No, it’s not a movie title! It’s the list of which produce is the cleanest of pesticides and which tends to be the dirtiest. If you have to choose which produce to buy organic, due to costs, then you’ll definitely want to memorize this list. Or, if you’re like me, and you can’t remember these things while you are standing in the produce section – download an app to your smartphone or a paper list to help you remember the list at: http://www.ewg.org/foodnews/.
The “dirty dozen” refers to the 12 foods you should always buy organic because they have the most pesticides sprayed on them. In fact, if you only focus on purchasing these items in the organic section, you can eliminate as much as 14 different pesticides per day if you ate the traditional five servings per day of fruits and vegetables! Here’s the dirty dozen list –
- Nectarines (imported)
- Grapes (imported)
- Sweet bell peppers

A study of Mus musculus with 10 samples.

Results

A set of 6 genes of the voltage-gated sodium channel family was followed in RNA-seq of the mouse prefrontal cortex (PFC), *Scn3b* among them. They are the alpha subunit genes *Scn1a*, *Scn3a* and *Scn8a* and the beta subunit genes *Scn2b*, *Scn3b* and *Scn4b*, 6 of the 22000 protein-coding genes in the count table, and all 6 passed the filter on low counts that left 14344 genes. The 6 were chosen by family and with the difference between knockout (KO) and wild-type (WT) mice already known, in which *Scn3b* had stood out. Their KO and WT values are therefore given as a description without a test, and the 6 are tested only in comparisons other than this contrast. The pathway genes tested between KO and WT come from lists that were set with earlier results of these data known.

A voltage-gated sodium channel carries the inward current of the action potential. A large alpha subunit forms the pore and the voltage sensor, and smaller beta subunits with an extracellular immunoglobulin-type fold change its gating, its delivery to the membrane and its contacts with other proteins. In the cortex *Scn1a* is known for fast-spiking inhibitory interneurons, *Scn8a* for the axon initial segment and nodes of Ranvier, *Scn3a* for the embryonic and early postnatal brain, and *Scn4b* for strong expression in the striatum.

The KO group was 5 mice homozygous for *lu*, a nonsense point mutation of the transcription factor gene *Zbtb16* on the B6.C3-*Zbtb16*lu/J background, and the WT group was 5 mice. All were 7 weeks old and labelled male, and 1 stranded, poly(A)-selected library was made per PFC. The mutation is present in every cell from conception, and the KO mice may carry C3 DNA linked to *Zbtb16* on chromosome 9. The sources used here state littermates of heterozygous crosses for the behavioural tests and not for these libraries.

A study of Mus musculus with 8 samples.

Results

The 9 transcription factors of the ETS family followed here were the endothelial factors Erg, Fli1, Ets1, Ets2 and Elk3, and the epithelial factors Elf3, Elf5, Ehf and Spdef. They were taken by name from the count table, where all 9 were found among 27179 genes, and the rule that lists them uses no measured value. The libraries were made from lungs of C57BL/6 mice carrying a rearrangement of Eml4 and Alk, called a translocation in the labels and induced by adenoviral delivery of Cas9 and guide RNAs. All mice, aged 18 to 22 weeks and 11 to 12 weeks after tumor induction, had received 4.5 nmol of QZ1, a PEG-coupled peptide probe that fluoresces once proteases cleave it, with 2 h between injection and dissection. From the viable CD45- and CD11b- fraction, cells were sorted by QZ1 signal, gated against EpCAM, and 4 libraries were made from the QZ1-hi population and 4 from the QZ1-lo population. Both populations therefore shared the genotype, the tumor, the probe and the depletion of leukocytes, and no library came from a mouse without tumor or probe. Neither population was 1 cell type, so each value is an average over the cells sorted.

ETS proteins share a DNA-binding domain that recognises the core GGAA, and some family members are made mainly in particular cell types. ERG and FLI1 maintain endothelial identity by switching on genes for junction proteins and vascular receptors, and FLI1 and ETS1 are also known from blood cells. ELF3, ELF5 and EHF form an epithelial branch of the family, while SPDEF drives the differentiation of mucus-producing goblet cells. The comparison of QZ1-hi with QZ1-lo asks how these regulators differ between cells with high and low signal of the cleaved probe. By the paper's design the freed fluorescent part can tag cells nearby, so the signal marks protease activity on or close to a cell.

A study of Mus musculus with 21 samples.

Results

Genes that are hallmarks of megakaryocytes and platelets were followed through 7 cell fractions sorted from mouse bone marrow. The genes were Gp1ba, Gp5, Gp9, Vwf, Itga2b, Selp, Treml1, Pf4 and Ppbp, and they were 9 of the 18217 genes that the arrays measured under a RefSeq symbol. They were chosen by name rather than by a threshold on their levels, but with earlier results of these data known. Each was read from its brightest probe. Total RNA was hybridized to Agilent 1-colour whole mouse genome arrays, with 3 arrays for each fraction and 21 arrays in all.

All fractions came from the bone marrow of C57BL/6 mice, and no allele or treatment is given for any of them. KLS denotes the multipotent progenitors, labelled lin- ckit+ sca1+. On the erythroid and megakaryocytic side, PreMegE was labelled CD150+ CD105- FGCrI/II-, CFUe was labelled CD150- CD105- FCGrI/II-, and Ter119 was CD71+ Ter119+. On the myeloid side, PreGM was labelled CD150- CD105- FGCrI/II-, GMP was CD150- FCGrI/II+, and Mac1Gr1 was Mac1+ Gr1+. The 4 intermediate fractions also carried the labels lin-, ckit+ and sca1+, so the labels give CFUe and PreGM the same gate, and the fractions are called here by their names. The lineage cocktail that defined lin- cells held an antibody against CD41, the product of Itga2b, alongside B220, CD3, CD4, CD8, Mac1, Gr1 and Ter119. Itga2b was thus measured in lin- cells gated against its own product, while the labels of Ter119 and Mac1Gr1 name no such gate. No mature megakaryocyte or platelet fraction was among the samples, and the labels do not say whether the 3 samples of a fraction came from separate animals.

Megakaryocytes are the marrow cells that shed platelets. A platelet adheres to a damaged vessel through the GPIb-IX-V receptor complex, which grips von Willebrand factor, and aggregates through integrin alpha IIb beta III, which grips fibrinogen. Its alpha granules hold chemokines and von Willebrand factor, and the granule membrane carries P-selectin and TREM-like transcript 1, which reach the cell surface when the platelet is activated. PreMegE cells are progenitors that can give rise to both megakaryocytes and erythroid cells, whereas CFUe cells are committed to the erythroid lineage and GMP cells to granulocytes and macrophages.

- Blueberries (domestic)
- Kale/Collard greens
Now, conversely, if you choose your five servings from the “Clean 15” list, you will consume less than 2 pesticides per day. Please remember that just because you buy organic doesn’t mean you can skip washing them, though! It’s still important to thoroughly wash all your fruits and vegetables before consuming them (unless, like with citrus or an onion, they have a protective covering on them).
A great way to save money on purchasing organic produce is to visit your local farmer’s market. Not only will you help out your local growers, but you will be able to get fruits and vegetables grown without pesticides. The only tricky part is not knowing exactly what will be for sale, so you may have to do the meal planning after you return from the market. Another option is to join an organic food co-op in your area where you can get bulk discounts by buying a box of fruits and vegetables on a regular basis.
I also believe that when more people buy organic fruits and vegetables in their local markets or at specialty stores like Trader Joe’s or Whole Foods Market, we will continue to see prices decline. It’s simple economics – supply and demand. So, let’s start buying the healthy stuff and quit consuming all those pesticides!